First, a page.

Sat, 12 Aug 95 12:50: 4 EDT

As a new subscriber, I noted the request for an introduction.
I live just south of Akron, Ohio and am a member of the Akron Club of Astronomy.  I'm a "Halley Convert" who finally took the plunge into astronomy in late 1985 at the approach of Comet Halley.  My current observing tools are 7X50 Adlerblick binoculars, Edmund Astroscan, and a 6"F8 reflector. 

My first brush with intentional satellite observing was in October of 1994 when I began looking for Mir.  Since then, I've seen STS-66, STS-63, STS-67, STS-71 (before and after docking with Mir), HST, and over 120 other satellites.  STS-67, only 6 deg above the southern horizon was a tough binocular target from latitide 41N.  I use TrakStar 2.0 as my primary pass prediction program and prepare observing charts with SkyGlobe 2.0 for Windows.  For graphical displays of satellites, I use LogSat 2.50 for Windows.  I have found TrakStar's predictions, plotted to a known point in the sky (bright star, or between 2 stars) to be accurate within +/- 15 seconds and within well less than one degree, given up-to-date TLEs.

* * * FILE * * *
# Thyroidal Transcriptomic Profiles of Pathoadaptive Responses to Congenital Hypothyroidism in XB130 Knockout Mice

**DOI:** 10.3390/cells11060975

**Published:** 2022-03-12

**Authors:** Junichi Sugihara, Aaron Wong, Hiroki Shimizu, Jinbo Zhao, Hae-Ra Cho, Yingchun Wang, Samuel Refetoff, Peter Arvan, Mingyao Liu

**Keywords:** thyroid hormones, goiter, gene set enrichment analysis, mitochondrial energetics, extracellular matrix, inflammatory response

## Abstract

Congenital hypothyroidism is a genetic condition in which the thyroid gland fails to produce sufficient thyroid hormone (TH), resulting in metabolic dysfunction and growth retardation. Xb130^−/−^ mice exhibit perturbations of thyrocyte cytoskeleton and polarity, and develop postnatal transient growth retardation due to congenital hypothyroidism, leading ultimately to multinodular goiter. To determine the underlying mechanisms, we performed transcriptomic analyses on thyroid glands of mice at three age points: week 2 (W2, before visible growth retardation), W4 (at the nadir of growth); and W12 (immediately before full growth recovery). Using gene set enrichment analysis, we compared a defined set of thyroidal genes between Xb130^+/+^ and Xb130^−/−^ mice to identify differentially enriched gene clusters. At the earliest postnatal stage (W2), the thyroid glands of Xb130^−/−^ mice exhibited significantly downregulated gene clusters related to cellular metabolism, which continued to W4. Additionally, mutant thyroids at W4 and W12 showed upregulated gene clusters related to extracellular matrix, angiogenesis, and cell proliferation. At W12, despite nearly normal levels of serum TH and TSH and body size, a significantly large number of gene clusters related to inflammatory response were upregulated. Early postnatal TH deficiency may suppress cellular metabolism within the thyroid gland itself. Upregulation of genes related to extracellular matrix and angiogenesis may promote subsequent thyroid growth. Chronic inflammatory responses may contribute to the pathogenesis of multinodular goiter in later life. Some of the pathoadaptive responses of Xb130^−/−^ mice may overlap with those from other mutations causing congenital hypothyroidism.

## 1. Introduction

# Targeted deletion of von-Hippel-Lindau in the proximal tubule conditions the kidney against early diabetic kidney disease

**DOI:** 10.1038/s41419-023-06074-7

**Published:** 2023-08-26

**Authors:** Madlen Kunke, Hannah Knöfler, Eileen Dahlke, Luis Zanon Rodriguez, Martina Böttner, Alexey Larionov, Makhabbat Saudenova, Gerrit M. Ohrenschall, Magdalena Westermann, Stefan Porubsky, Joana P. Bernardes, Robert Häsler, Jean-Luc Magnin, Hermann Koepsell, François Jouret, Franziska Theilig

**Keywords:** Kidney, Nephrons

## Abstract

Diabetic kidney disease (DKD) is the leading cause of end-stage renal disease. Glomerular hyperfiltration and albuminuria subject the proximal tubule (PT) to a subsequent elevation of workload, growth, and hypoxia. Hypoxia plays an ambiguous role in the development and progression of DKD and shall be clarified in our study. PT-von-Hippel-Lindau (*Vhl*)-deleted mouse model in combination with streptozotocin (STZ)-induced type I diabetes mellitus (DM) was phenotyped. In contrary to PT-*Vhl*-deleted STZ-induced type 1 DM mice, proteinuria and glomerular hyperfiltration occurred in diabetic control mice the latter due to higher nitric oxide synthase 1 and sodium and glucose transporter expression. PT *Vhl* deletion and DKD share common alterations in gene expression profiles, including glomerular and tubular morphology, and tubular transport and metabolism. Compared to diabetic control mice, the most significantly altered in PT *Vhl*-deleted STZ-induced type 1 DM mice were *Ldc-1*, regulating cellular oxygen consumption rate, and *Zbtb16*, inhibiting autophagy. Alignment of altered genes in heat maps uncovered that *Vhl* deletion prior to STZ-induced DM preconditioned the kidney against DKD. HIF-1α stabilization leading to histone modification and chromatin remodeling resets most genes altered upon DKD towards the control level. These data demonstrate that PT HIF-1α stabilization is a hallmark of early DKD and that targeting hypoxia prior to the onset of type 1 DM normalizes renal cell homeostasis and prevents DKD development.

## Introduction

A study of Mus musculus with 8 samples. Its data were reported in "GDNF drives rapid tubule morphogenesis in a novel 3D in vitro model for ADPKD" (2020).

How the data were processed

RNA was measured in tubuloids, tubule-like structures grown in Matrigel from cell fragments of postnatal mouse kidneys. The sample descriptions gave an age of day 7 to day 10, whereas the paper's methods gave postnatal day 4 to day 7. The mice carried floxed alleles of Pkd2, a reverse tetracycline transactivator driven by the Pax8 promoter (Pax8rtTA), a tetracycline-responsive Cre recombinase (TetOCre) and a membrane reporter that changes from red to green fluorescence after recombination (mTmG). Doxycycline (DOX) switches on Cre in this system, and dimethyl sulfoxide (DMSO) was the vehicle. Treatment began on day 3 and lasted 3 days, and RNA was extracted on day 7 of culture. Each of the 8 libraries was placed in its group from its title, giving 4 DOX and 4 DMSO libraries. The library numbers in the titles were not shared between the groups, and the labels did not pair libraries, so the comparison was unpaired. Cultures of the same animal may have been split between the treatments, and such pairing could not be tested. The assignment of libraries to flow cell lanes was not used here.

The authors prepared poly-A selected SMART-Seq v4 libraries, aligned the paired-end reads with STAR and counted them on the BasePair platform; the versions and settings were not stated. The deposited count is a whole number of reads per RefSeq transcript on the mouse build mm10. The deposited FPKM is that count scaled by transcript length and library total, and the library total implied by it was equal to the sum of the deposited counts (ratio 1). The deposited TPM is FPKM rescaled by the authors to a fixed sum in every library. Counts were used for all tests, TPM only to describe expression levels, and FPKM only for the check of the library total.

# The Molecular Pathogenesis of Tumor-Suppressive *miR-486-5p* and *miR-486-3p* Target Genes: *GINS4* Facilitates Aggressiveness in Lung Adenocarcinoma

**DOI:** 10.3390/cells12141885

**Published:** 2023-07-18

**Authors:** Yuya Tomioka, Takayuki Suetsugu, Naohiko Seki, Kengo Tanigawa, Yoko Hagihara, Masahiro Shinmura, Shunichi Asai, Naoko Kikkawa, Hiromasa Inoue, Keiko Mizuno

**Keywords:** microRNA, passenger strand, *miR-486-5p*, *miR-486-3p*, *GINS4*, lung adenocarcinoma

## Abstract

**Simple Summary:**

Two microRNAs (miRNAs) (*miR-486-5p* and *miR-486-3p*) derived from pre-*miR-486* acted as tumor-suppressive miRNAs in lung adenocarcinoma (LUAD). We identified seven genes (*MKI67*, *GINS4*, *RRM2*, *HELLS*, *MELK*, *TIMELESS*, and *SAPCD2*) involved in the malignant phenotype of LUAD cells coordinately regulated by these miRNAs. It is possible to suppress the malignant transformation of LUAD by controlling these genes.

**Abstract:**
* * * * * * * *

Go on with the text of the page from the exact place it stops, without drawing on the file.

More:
My usual method is to position binoculars at my target point in the sky 20-30 seconds before the satellite should pass that point.  Then, if the satellite appears bright enough, I try for it with naked eye.  For fainter targets, the same technique works well with the Astroscan, which has a 3 degree field of view.  The Astroscan's ball mount makes tracking smooth and steady.

I look forward to reading your mailing list.  Thanks for providing the service.